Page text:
PROVIDENCE, R.I. — A female former Brown University student is suing the Ivy League school over how it handled her allegations that she was drugged at a fraternity party and later sexually assaulted.

The lawsuit, filed Thursday in U.S. District Court in Providence, raises the question of whether Brown dropped a disciplinary proceeding against the male student who allegedly drugged her to protect him because he was the son of a trustee. Brown previously denied it was a factor.

It’s the latest in a wave of legal actions brought against Brown and other universities accused of mishandling sexual assault cases under the federal Title IX law, which is designed to prevent gender discrimination in education. This case sparked a protest at Brown last year, when hundreds of students silently marched across campus, many with dollar bills taped across their mouths to signify their feeling that money and influence were more important than victims of sexual assault.

The woman, identified as Jane Doe in the lawsuit, says after she and a friend were unwittingly drugged by the trustee’s son in October 2014, she was sexually assaulted by a different male student in her dorm room. Doe is suing Brown, the Phi Kappa Psi fraternity and the trustee’s son, identified with the pseudonym “John Smith” in the complaint.

The man accused of sexually assaulting her was found “not responsible” in a school disciplinary proceeding that Doe argues was flawed. He is not named in the lawsuit.

Doe says Brown badly mishandled the case, including by taking blood, urine and hair specimens but failing to perform the proper tests or sending the samples to disreputable labs that then botched the testing. The labs returned results that were inconclusive about whether the two women had been drugged.

Brown then dropped the disciplinary process against the trustee’s son after the lab tests came back inconclusive, “despite his admission and the testimony of other witnesses that he was the brainchild of the unregistered party, had in fact purchased the alcohol, and had served an alcoholic beverage he made specially for Ms. Doe and her companion, which incapacitated both women,” the lawsuit reads.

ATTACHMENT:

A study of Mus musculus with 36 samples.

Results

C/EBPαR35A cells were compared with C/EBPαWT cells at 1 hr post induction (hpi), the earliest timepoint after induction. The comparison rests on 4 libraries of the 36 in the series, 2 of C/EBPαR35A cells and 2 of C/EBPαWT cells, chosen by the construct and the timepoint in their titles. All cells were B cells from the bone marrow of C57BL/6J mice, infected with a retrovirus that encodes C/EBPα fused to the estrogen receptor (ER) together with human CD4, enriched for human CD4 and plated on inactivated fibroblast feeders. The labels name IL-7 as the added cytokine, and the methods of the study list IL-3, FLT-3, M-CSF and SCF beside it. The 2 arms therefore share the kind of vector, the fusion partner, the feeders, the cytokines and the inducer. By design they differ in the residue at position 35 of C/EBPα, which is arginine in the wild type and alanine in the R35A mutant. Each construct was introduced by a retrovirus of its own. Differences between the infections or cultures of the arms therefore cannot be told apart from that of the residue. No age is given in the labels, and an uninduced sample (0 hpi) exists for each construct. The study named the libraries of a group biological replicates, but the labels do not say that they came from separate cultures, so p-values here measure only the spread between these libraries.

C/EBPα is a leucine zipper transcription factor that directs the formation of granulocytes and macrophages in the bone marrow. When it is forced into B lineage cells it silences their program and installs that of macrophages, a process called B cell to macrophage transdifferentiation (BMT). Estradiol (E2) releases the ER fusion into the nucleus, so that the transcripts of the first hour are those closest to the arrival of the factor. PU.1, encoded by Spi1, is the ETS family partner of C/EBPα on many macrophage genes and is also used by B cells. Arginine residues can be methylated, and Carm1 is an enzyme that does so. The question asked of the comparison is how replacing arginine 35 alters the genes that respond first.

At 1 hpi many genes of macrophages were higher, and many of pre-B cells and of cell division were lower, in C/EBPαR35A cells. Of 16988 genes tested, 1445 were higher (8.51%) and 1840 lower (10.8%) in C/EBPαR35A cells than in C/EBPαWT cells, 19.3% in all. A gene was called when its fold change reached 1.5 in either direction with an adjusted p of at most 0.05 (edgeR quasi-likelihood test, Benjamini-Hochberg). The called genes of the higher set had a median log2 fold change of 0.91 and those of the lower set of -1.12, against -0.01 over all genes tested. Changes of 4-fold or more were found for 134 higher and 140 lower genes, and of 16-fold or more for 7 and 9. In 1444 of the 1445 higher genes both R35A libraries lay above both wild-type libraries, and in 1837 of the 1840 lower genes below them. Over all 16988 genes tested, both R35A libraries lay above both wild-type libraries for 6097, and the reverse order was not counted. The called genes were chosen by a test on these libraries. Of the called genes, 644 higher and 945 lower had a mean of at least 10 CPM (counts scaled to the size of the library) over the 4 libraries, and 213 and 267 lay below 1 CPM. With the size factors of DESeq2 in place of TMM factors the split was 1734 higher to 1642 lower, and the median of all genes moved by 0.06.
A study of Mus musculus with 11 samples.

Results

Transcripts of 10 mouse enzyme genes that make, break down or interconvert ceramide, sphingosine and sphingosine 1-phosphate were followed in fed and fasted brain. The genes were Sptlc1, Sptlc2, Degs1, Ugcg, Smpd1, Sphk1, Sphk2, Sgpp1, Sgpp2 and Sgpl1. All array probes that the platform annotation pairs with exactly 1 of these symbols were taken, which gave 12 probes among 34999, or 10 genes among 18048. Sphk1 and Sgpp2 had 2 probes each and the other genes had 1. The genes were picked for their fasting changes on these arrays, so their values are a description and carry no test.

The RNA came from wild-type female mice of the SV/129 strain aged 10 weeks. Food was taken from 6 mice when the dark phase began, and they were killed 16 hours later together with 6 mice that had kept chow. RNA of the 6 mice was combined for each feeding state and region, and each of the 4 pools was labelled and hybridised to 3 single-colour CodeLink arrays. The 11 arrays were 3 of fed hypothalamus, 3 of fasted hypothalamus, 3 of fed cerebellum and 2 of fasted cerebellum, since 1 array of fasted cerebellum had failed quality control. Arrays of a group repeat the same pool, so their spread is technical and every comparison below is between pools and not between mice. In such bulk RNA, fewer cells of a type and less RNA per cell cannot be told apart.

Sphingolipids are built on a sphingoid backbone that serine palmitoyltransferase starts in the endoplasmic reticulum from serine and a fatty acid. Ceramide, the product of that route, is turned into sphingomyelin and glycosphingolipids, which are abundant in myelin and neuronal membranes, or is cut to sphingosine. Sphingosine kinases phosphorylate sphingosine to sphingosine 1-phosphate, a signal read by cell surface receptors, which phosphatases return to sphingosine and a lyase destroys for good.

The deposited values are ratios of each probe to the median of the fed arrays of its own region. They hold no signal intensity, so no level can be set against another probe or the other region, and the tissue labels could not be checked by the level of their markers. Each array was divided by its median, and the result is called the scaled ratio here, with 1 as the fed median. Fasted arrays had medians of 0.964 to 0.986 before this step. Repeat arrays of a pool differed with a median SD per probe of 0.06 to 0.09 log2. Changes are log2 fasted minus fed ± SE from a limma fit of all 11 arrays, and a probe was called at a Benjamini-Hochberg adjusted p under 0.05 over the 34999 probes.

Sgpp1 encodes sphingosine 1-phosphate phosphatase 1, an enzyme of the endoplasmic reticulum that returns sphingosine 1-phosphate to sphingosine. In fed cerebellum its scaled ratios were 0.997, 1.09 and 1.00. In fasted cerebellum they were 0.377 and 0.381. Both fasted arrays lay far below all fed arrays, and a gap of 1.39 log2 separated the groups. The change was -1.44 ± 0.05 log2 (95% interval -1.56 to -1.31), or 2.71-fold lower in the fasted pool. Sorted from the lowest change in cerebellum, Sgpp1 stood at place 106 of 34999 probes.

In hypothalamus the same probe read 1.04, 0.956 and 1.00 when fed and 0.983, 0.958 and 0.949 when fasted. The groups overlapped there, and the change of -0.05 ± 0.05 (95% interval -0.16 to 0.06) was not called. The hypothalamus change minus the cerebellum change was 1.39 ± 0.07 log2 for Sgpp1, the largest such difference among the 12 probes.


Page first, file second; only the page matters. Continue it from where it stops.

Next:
In January 2015, the fraternity was stripped of university recognition for four years, but the next month the sanction was eased to 2½ years after the drug testing evidence was thrown out.

Doe’s lawyer, Miriam Weizenbaum, said there was ample other evidence that the women had been drugged, including an emergency responder who cared for Doe’s friend, surveillance video and eyewitnesses.

“Whether or not it was preferential treatment, it’s a violation of Title IX to drop those proceedings,” Weizenbaum said.

Weizenbaum also said Brown later retaliated against her client when she applied to medical school and Brown refused to grant her an interview. Doe was accepted to medical school at Harvard, Stanford and nine other schools, nearly all of which are ranked higher than Brown, Weizenbaum said.

Brown said in a statement Thursday it was reviewing the complaint and would respond through the legal process. President Christina Paxson has previously rejected the suggestion that there was improper influence in the case of the trustee’s son.

In a 2015 letter to the campus community acknowledging the problems with testing, Brown administrators said they had since made improvements to the complaint process and called the case “complicated and difficult.”

“While the decisions that have been reached are, we believe, fair and appropriate, we fully appreciate that not all members of the community do or will agree with us,” they said.

The fraternity also did not immediately return an email seeking comment. Its chapter at Brown previously said its members did not serve a spiked drink to the woman.